This is a developing story. Check for updates below.
The Associated Press has learned that former Michigan Governor Rick Snyder, his health director and other ex-officials have been told they're being charged after a new investigation of the Flint water scandal.
Two people with knowledge of the planned prosecution said the attorney general's office has informed defense lawyers about indictments in Flint and told them to expect initial court appearances soon. They spoke to the AP on condition of anonymity because they were not authorized to speak publicly.
Flint's water system was contaminated with lead in 2014, when the city switched from using water from the Detroit River to the Flint River. State environmental regulators advised Flint not to apply corrosion controls to the water, which became contaminated by lead from aging pipes without those corrosion controls. The switch was also blamed for a deadly outbreak of Legionnaires' disease.
Then-Gov. Snyder eventually acknowledged the problem, accepted the resignation of his environmental chief and pledged to aid the city. Years later, Snyder has been named as a defendent in multiple civil and class action lawsuits.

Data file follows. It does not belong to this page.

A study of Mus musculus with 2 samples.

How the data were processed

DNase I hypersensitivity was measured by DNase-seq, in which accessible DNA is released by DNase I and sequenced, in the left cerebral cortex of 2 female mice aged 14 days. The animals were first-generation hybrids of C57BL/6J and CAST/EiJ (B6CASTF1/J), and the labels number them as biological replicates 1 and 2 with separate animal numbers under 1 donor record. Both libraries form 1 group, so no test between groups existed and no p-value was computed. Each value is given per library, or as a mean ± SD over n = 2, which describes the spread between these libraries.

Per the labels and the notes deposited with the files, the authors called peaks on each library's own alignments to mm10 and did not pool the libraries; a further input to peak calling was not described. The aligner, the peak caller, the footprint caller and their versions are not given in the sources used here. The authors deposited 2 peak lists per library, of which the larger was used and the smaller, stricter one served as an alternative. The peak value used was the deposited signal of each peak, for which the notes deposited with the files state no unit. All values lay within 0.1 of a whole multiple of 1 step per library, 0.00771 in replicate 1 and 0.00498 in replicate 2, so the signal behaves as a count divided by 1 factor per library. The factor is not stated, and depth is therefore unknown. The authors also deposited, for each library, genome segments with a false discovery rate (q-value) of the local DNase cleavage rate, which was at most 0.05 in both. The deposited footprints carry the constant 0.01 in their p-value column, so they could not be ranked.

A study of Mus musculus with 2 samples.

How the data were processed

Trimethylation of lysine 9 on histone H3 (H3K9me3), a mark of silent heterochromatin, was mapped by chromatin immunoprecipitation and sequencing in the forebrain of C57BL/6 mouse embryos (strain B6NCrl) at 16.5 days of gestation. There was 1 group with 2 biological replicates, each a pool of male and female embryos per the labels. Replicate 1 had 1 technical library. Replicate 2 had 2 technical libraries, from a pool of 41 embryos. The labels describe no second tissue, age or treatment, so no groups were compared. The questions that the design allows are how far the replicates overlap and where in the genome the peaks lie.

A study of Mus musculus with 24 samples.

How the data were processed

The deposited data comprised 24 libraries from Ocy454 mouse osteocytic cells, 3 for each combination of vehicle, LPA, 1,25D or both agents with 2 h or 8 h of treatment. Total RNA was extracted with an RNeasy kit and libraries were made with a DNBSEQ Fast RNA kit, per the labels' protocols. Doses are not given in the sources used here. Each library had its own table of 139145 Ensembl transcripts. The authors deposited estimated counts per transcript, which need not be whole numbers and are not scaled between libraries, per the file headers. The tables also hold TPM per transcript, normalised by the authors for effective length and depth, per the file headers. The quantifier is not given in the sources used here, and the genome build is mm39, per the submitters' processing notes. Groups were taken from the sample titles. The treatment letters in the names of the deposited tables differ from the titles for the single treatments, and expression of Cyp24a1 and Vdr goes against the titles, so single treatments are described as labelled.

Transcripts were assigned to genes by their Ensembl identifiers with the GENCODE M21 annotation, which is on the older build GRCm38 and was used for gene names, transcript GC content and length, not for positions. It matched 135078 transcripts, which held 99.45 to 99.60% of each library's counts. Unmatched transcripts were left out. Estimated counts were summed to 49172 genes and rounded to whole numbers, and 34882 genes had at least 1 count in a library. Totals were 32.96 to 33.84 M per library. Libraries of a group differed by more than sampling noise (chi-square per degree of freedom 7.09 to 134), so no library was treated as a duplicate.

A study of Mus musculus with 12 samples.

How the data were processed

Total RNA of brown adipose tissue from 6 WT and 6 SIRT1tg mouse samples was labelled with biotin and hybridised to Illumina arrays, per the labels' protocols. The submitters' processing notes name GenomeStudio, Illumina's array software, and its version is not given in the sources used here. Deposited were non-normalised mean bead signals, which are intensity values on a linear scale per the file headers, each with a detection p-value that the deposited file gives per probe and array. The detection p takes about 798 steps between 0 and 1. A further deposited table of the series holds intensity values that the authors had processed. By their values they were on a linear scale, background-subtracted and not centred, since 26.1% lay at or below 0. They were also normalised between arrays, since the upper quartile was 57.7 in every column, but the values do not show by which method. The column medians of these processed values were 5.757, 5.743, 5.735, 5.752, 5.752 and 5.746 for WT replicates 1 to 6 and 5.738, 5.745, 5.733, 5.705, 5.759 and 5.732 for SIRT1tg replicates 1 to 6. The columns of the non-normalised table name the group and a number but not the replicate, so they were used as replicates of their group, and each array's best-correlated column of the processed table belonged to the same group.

In August 2020, the state of Michigan reached a $600 million settlement to compensate residents whose health was damaged by the tainted water.
Update: Tuesday, January 12 at 3:45 p.m.
Rick Snyder's attorneys have called the "rumored charges" against the former governor a "politically motivated smear campaign."
The office of Brian Lennon, Warner Norcross + Judd LLP put out a statement Tuesday afternoon saying, "It is outrageous to think any criminal charges would be filed against Gov. Snyder. Any charges would be meritless. Coming from an administration that claims to be above partisan politics, it is deeply disappointing to see pure political motivation driving charging decisions."
The lawyers added that they believe the Office of Special Council needs a "scapegoat" after "wasting five years and tens of millions of taxpayer dollars on a fruitless investigation," and that Snyder is a target in a political escapade.
Update: Tuesday, January 12 at 3:15 p.m.
Attorneys for Snyder's former senior advisor, Rich Baird, said they have been informed their client will be facing charges stemming from the crisis.
In a statement, attorney Randall L. Levine said, "At this time, we have not been made aware of what the charges are, or how they are related to his position with former Michigan Governor Rick Snyder’s administration."
Baird served as Snyder's point man in Flint throughout the crisis.